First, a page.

Attorney General Greg Zoeller announced Monday he obtained a temporary restraining order in Jackson Circuit Court to prevent Rebecka Ann Fee from disposing or transferring any financial assets during the embezzlement investigation.

A State Board of Accounts field examiner auditing the town's finances between January 2006 and October 2009 found Fee had allegedly doctored computer records to conceal the misuse from town council members when they reviewed the claims. Fee, who handled Brownstown government payroll, had allegedly been overpaying herself by $1,000 to $4,000 biweekly.

The temporary restraining order is the first use of House Enrolled Act 1514, a public-accountability law. Under the law, the State Board of Accounts alerts the AG's office to potential fraud on public funds much earlier than before, allowing the attorney general to intervene in court to prevent suspects from hiding or getting rid of assets.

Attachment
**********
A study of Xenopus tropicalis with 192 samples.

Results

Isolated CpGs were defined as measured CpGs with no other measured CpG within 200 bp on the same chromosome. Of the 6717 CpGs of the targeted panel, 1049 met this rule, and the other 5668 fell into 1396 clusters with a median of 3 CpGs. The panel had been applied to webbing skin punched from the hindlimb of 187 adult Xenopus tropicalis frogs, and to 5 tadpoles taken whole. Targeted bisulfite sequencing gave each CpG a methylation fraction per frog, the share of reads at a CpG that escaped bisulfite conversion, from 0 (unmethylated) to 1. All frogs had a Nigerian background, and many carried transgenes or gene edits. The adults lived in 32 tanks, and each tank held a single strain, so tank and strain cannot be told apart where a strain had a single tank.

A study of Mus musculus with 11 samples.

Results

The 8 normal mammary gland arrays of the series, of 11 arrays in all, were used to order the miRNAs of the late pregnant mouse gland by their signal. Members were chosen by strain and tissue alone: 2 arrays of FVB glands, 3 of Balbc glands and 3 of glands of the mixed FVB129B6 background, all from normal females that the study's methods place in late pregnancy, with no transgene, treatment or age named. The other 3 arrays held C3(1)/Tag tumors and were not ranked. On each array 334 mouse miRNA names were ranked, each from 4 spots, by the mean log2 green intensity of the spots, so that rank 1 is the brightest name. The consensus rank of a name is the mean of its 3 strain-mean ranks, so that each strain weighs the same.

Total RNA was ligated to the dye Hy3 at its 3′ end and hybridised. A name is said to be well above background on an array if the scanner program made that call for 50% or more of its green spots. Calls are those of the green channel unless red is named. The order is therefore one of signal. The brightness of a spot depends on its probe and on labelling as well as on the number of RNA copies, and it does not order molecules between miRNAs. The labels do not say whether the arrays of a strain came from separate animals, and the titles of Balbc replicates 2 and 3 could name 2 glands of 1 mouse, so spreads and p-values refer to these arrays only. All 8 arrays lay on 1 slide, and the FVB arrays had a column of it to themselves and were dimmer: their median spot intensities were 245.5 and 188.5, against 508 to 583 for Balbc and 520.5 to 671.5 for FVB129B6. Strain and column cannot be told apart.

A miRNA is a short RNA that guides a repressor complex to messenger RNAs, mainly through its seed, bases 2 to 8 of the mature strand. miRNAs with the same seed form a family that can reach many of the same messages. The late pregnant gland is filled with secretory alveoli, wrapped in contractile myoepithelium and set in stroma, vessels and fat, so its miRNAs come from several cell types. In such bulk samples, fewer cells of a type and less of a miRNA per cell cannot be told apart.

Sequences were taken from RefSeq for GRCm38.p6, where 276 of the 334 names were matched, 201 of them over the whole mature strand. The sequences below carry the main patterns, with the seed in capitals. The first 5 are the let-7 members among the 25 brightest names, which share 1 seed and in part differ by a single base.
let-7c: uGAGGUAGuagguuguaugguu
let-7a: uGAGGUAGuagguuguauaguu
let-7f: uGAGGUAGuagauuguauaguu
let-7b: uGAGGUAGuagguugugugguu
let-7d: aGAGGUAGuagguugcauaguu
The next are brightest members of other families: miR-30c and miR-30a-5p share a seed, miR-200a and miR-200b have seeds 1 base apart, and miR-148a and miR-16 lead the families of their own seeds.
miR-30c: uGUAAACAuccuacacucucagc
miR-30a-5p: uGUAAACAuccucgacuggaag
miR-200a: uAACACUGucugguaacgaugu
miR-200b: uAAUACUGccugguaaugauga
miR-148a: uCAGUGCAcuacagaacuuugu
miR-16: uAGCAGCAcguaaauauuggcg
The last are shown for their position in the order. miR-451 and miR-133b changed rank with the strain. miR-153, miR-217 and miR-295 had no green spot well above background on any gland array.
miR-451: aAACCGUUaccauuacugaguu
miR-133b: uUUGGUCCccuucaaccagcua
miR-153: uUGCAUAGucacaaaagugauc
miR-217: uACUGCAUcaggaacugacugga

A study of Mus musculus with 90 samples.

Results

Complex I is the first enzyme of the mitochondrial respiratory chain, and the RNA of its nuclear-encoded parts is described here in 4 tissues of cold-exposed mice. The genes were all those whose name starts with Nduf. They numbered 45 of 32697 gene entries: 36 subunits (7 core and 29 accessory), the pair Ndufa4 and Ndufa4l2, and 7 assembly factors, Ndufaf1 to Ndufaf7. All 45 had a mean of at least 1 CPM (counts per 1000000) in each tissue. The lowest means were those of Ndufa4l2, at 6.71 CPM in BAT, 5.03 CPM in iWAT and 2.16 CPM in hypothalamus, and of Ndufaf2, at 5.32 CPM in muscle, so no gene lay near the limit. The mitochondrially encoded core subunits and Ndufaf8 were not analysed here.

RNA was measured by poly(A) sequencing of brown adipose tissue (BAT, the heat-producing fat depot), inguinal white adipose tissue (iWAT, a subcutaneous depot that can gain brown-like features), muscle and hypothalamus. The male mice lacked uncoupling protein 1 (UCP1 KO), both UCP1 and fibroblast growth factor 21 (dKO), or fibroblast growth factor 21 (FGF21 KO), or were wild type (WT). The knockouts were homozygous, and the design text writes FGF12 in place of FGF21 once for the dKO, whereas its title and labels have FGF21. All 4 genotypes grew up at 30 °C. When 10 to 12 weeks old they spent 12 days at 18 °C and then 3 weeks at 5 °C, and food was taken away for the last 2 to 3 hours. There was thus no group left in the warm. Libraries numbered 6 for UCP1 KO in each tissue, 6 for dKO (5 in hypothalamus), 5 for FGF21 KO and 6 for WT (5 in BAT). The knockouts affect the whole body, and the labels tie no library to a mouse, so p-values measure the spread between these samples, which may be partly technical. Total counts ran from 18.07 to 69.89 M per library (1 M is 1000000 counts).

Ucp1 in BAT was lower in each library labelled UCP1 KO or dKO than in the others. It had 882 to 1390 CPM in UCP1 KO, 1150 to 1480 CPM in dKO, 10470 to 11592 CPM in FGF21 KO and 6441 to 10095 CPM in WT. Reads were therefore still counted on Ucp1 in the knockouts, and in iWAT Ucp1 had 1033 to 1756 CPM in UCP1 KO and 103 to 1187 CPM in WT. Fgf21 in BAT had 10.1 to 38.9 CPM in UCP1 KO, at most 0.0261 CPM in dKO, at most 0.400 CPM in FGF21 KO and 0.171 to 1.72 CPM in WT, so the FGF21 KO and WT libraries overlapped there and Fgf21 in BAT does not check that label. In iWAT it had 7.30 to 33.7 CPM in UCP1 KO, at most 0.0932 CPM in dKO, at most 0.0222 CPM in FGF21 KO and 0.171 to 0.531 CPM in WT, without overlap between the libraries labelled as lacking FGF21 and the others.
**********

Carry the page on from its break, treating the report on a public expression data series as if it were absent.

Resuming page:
Zoeller is seeking a pre-judgment attachment of Fee's financial assets - including a personal bank account and proceeds of a sale of a house - and garnishment of her wages. A hearing has been scheduled on the motion for Dec. 14 before Judge William Vance. Once the State Board of Accounts' final audit is complete, the AG's office plans to file a civil collections lawsuit and seek a judgment against Fee to recover public funds from her.

According to the attorney general's office, Fee is still the elected clerk-treasurer, but she hasn't performed the duties of the office since October. An interim clerk-treasurer has been appointed.